These days, superheroes seem to dominate the box office every summer (if you’re a fan of ant-men, this is your year!). If it’s making you a little nostalgic for summer movies past—with their mix of Spielbergian action-adventure, sci-fi, and comedy—check out these terrific YA books, all of which evoke classic warm-weather flicks. Just add popcorn and a John Williams score.
If you loved Star Wars, read Tin Star, by Cecil Castellucci
Tula Bane is a Children of Earth colonist with a gift for alien languages. But during a mission to help create a Human oasis among the stars, she’s beaten and left for dead by impervious leader Brother Blue, who considers Tula’s curiosity and intelligence a danger to his agenda. Tula’s adventures among aliens, and her quest for revenge, are an excellent companion to the tales of Luke, Han, and Leia in a galaxy far, far away.
Bonus: Castellucci’s Moving Target: A Princess Leia Adventure comes out in September.
If you loved Grease, read Nowhere But Here, by Katie McGarry
Nowhere But Here pairs perfectly with Sandy Olsen and Danny Zuko’s opposite-sides-of-the-tracks romance. You’ll get chills (they’re multiplying) and lose control from the power Oz and Emily are supplying. It’s electrifying! He’s an 18-year-old prospect in the Reign of Terror motorcycle club in Snowflake, Kentucky; she’s the estranged, “good girl” daughter of a high-ranking club member. Forced to leave her home in Florida to spend the summer with her wild card dad, Emily requires protection, which Oz reluctantly provides as part of his trial period in the club.
If you loved The Craft, read Season of the Witch, by Mariah Fredericks
Fredericks is a master of contemporary realism (see Girl in the Park, The True Meaning of Cleavage, Head Games, Crunch Time), so Season of the Witch is a bit of a departure for her, in that it plays with the idea of spell casting and its possible efficacy. The added twist of tension is delicious, and only adds to the deeper, compelling issues affecting Toni and her friend’s cousin Cassie (who claims to be a witch) as they attempt to control a crushed-on boy’s behavior. And of course The Craft, starring Robin Tunney, Fairuza Balk, Neve Campbell, and Rachel True as outcasts intent on ruining those who’ve wronged them, proves it’s always a good season for witches.
If you loved American Pie, read Galgorithm, by Aaron Karo
Jim (Jason Biggs), Chris (Chris Klein), Kevin (Thomas Ian Nicholas), and Paul (Eddie Kaye Thomas) make a pact to lose their virginities by prom night in the raunchy-with-heart comedy American Pie. In Galgorithm, Shane Chambliss believes he’s solved the “equation” to win any girl’s affection, and offers to help his classmates work the same formula. However, it turns out he still has a lot to learn about the opposite sex, not to mention friendship.
Bonus Read: Band Geek Love, by Josie Bloss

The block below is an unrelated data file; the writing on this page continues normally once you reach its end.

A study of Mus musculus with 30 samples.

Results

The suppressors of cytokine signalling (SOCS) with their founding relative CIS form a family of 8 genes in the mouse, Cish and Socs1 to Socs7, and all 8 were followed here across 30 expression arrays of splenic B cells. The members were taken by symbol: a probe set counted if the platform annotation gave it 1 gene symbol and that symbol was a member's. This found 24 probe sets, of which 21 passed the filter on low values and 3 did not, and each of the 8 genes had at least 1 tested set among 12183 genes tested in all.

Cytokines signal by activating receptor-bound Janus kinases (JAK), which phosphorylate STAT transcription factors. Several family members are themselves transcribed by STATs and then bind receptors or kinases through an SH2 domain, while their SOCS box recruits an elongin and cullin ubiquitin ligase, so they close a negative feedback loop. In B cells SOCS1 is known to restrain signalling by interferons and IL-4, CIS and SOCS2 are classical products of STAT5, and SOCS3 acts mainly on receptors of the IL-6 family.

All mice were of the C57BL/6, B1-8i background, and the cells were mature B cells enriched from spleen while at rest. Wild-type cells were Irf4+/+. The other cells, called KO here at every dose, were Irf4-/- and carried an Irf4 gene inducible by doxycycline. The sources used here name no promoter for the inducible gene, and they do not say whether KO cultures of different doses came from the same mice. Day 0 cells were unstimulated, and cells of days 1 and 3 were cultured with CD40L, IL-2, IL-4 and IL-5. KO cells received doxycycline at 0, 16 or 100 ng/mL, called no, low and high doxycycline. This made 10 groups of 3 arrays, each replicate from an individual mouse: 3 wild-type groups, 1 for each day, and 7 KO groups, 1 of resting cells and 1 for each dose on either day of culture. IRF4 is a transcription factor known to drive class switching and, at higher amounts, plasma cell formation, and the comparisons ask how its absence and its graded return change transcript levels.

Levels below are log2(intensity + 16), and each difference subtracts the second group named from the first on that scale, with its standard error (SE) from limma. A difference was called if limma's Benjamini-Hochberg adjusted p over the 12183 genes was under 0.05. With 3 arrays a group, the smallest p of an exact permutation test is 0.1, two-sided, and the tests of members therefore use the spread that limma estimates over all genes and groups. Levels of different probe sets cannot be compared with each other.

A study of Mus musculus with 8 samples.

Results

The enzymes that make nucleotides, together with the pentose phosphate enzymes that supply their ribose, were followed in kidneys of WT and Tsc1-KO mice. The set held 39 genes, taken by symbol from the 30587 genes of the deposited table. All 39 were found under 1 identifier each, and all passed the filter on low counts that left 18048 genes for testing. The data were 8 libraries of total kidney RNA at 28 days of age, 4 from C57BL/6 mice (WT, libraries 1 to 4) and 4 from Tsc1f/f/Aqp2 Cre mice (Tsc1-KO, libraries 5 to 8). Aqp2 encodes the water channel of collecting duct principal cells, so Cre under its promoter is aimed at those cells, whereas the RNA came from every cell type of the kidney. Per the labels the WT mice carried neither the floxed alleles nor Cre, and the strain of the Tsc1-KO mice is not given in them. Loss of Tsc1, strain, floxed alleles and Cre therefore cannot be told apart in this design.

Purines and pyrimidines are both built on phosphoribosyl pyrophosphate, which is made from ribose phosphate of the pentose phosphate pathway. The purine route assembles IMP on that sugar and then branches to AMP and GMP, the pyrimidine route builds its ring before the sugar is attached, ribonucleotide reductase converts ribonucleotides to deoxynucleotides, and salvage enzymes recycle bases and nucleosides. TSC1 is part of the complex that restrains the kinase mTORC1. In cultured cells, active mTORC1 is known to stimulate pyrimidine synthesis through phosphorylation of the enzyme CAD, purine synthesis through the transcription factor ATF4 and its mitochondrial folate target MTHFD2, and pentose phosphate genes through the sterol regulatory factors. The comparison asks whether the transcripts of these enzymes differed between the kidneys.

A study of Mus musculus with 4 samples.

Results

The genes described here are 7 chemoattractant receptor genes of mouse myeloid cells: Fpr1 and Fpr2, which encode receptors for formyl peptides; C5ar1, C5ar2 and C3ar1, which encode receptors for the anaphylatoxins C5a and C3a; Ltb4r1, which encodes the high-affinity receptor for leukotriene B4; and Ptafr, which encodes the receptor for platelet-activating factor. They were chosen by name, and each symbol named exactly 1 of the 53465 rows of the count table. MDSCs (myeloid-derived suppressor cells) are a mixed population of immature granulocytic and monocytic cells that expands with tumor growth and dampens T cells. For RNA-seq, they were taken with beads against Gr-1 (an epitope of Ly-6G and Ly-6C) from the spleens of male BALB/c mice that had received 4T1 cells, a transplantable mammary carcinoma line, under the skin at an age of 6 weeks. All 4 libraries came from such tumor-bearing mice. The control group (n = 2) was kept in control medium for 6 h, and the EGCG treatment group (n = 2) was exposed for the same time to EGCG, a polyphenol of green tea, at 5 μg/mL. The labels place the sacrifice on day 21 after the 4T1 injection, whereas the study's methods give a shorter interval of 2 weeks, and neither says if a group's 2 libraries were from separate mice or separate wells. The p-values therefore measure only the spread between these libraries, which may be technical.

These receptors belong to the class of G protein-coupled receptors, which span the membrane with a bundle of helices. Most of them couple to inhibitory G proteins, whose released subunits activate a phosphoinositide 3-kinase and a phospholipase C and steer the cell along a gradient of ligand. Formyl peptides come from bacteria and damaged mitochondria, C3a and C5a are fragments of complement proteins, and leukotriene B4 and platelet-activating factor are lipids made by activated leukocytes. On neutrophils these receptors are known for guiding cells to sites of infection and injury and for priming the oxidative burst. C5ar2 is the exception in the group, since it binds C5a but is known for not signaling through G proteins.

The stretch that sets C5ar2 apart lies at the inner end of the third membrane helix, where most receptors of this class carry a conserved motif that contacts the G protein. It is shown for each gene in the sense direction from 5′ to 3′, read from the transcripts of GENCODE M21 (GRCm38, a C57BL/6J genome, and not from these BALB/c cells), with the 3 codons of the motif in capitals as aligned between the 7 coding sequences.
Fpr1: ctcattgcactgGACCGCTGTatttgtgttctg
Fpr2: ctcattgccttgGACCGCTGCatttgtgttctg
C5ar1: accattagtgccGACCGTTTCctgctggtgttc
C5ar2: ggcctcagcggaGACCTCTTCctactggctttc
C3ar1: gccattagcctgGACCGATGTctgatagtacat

This one time? At band camp…?
If you loved Jaws, read Teeth, by Hannah Moskowitz
What would Jaws have been like had the movie focused on the Great White instead of Brody and Hooper? One possible answer comes in the form of Moskowitz’s Teeth, a daring YA fable about a fishboy who’s abused and hunted while he attempts to save the other creatures he considers his brethren. The half-fish, half-human “Teeth” discovers hope in the form of Rudy, the book’s narrator, who has come to the island with his family so Rudy’s brother (who has cystic fibrosis) can be healed by eating the magic fish that reside there.
If you loved Splash, read September Girls, by Bennett Madison
Beautiful mermaid(s)? Check. Womanizing older brother? Check. Perplexing encounters with mysterious creatures? Check. While Splash is a romantic comedy (starring Tom Hanks and Daryl Hannah in all their 1980s glory) and Summer Girls is more a coming-of-age fable, they both bring an element of modern, bittersweet empathy to their fairytale reimaginings.
If you loved Blade Runner, read Mila 2.0., by Debra Driza
One word: Replicants. In Blade Runner, Harrison Ford’s Deckard must determine whether a test designed to identify nonhumans is working correctly, and in Mila 2.0., an extremely lifelike young woman learns she was created in a lab as an experiment in artificial intelligence. Both are action-packed sci-fi stories with much to say on identity, free will, and what it means to be human.
If you loved Dawn of the Dead, read Sick, by Tom Leveen
Much like superheroes, zombies are everywhere today, staggering toward you, arms outstretched, eager for brains. Give your brain a treat by reading Leveen’s Sick, which combines the high school cliquery of The Breakfast Club with the gruesomeness of George A. Romero. The adults in Dawn of the Dead seek shelter in a suburban shopping mall, and the teens in Sick become trapped in their school’s theatre department; both tales explode with thrills, scares, and gross-outs.
If you loved Men in Black, read Mothership, by Martin Leicht and Isla Neal
Agents J and K would approve of the snarky, dark humor and absurd alien happenings that form the spine of Mothership. Pregnant 16-year-old Elvie has been forced to “matriculate” to the orbiting Hanover School for Expecting Teen Mothers, but quickly discovers her teachers are aliens with sinister intentions. With help from her sweet, dim-bulb commander boyfriend, she must fight off and escape an onboard invasion.